However, when I look up 不错 in my dictionary (macOS's built-in dictionary), it only shows "right" and "pretty good", and not "not bad".

Is 不错 never used to express "not bad"? And do you have nothing to do but just look up in the dictionary and memorize them one by one in case of these composite words? I happened to look it up today, but without that I would keep misunderstanding its meaning...

  • 不错 = not bad, decent (as in satisfactory). – mootmoot Jun 26 '17 at 11:11

The exact phrase 不錯 is almost always used to mean "pretty good". But there are variations on the phrase that mean "not wrong", "not mistaken" without having the same positive implication:


沒錯

This one is still somewhat positive, but it's more of an agreement than an endorsement:

他說得沒錯 - What he said is correct.
他說得不錯 - He said it well / what he said is good.


不是錯的

Use this phrase if you just want to say "not incorrect" without implying anything else about the quality:

這個答案很不錯 - This answer is pretty good.
這個答案不是錯的 - This answer is not wrong.


In response to your general question, most composite words do mean exactly what you'd think from looking up each individual character. But when it comes to this kind of nuance in their usage, you'll have to learn each compound word individually.
Occasionally you'll find a compound word where the meaning is quite far removed from the component characters, but this will normally be apparent from context.



Give you a few examples:

这人不错 = This guy is not bad

这事做的不错 = Pretty good job/Not a bad job

你说的不错 = What you are saying is not wrong/What you are saying is right


Take 不错 for example, '不'= not; '错' = wrong; therefore '不错' literally means 'not wrong' in other word: 'right'.

By extension, if something is not done wrongly, it is 'not done badly'. That's how the meaning of 'not bad' is carried by '不错' (and 'not bad' implies it is 'decent' or 'good')

Depend on context, people do use the phrase '不错' for 'not wrong/correct'. For example: Q: "你十八岁?" (you eighteen years old?) A: "不错!" (correct!)

But we mainly use '不错' as an adjective for 'not bad' in day-to-day conversation. For example: "这辆车不错" (this car is not bad)

More examples:

(大= big); (力= force) '大力' literally means 'big force'. In other words 'strong force'.

By extension, '大力' is used as (1.) an adjective for 'strong' or (2.) an adverb for 'strongly'

Is 不错 never used to express "not bad"? And do you have nothing to do but just look up in the dictionary and memorize them one by one in case of these composite words?

Most of the time 不错 means 'not bad'.

You do have to memorize the meanings of each compound word, but those meanings are all extensions from the literal meaning (they are logically connected). Therefore, it wouldn't be too hard to remember.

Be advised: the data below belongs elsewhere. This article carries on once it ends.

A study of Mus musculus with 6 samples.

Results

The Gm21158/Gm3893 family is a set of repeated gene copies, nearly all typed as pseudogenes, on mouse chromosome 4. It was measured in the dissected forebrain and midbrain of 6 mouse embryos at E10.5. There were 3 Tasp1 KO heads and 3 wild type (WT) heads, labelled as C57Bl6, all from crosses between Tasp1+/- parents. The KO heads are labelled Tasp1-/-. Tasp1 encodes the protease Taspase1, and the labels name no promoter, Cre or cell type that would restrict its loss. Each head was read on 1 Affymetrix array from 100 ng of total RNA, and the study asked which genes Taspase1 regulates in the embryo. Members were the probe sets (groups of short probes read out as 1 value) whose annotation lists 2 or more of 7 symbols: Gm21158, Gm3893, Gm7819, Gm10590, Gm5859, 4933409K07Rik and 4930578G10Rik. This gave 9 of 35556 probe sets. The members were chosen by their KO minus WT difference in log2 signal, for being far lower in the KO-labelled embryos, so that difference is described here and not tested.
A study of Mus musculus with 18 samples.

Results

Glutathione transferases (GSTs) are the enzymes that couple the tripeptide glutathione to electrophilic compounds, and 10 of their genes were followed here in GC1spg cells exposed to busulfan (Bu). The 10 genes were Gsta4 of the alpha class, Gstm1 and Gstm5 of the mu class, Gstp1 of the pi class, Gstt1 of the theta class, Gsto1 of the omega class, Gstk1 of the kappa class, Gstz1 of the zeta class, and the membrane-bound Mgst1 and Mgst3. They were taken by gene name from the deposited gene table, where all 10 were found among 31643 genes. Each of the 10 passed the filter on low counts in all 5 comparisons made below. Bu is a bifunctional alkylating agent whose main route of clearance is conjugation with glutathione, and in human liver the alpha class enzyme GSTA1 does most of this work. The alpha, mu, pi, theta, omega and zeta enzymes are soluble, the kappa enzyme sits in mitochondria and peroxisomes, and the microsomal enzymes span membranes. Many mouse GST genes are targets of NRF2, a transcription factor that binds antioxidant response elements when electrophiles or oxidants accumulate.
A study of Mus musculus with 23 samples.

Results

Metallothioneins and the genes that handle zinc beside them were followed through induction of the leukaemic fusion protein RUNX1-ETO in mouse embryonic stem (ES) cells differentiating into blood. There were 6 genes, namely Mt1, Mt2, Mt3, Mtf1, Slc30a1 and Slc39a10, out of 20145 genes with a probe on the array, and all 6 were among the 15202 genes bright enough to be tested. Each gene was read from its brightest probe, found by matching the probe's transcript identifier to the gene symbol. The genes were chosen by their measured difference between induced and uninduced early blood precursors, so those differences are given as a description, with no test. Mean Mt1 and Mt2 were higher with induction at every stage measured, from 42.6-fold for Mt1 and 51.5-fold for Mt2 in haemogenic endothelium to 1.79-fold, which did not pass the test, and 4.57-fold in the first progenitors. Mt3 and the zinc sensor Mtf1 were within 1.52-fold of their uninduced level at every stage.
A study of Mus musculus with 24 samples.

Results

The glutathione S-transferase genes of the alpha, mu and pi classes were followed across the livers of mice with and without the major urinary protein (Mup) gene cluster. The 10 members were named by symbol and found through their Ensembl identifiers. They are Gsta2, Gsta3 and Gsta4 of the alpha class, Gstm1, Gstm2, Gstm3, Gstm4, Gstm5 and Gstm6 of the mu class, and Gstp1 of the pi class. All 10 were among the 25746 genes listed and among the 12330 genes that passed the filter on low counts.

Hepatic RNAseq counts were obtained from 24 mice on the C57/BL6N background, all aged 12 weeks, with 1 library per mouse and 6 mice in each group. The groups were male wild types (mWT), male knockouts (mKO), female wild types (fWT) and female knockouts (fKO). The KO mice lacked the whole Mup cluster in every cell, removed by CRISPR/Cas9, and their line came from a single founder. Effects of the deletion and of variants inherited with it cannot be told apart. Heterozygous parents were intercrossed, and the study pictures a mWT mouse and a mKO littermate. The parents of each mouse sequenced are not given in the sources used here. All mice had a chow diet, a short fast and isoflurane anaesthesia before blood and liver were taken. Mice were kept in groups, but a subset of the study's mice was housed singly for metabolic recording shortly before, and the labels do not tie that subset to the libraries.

• Thanks but "not bad" is definitely not "pretty good" in other words. It is just a negation of "not bad", which might be a "pretty good" or "great" or just "so-so". – Blaszard Jun 27 '17 at 12:20
  • Yes, 'pretty good ' should be '很好' in Chinese. – Tang Ho Jun 27 '17 at 15:22
I suspect that “not bad” is not often used in this way in American English.

I think the question is related to “not bad” literally meaning “negation of bad”. But I’m not sure what that is. I can think of this: “It is not bad but also it is not good” but that is a quite an artificial example.

It’s a bit of a grey area in English.

Evidence/reference for the above: http://forum.wordreference.com/threads/pretty-good-not-bad.19966/ http://www.wordreference.com/definition/not%20bad “not (half, so, or too) bad, somewhat good; tolerable: not half bad for a first effort.”

So my answer to the question ‘Is 不错 never used to express "not bad"?’ is: No! Actually, “not bad” is often a good translation of 不错, at least in British English. But it may well be clearer and less ambiguous to translate it as “pretty good” instead.

Regarding another question: “And do you have nothing to do but just look up in the dictionary and memorize them one by one in case of these composite words?”. In this case, 不错 is a commonly-used expression in spoken Mandarin and by familiarising yourself with sample texts / dialogues you can learn to get a feeling for its meaning and the context it tends to be used in; this feeling can be more valuable than the knowledge gained by looking it up in a dictionary.

If you think about it, it’s quite natural to equate “negation/not” plus “bad” as something that is at the least ok (passable). So you can get the meaning from individual characters in this case; I think Chinese maps quite closely to (British) English here.